Double Blind or Just Blind

In many cases, just the chance of getting access to a promising drug to save one’s life is the bait used to enroll patients in a double blind randomized controlled trial (RCT). Regulators wrongly justify the RCT as the only scientific means to “protect the public” and prove efficacy before approving any drug.  To the patient, it is a blind chance.  Flip a coin, heads you win a chance to live, tails you die.

A controlled trial is a comparison between two groups –or study arms: the drug arm and the control arm. When the  control arm is a placebo (“sugar pill”), many medical professionals and advocates consider it downright murder.  Even when the control arm is an approved drug, when patients who are not responding can’t change to something else that might work, many still consider that type of trial equivalent to murder.  Others consider RCTs a necessary human sacrifice in the pursuit of data for “public safety.”  It is rather amazing that with the efforts of animal activists to protect animals, activists haven’t already risen up to protect human beings including children from this practice that in deadly diseases has a very different implication than in other conditions such as incontinence.  RCT’s are not the only way to assess drugs, and in deadly diseases, usually cause far more harm than good, both for the patients in the trials and for the general public with delayed or denied drug approvals based on fundamentally flawed measures.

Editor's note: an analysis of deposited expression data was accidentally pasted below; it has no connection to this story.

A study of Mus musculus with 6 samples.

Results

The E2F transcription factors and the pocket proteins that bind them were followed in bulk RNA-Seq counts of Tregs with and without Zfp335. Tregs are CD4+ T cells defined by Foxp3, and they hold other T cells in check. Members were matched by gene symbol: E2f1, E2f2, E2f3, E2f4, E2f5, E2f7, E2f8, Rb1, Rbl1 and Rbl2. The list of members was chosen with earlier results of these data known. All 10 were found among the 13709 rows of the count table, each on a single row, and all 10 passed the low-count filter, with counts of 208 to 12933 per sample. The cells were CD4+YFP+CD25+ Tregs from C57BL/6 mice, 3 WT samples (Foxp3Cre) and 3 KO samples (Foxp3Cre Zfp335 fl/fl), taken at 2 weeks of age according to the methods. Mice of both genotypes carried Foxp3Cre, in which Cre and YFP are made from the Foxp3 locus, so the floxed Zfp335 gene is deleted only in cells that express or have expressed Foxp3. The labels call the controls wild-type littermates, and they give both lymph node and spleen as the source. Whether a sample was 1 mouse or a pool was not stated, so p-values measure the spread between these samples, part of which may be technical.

Today, there are over 900 cancer drugs in the pipeline.  Assuming the current RCT system, the FDA would in essence be sanctioning 900,000 patients treating their disease with sugar pills, thereby ensuring the known death rate from the disease.  And for the other 900,000 in the drug groups, ensuring they are not provided the total treatment they need to actually beat cancer (since they can’t add or change to other therapies), thereby ensuring little additional survival for anyone except for the few responders in any given trial.

If RCT’s are going to continually be used to measure the wrong things, all we will successfully do is sacrifice many human beings for erroneous data and ensure the loss of the many tools that doctors actually need to defeat cancer and other diseases.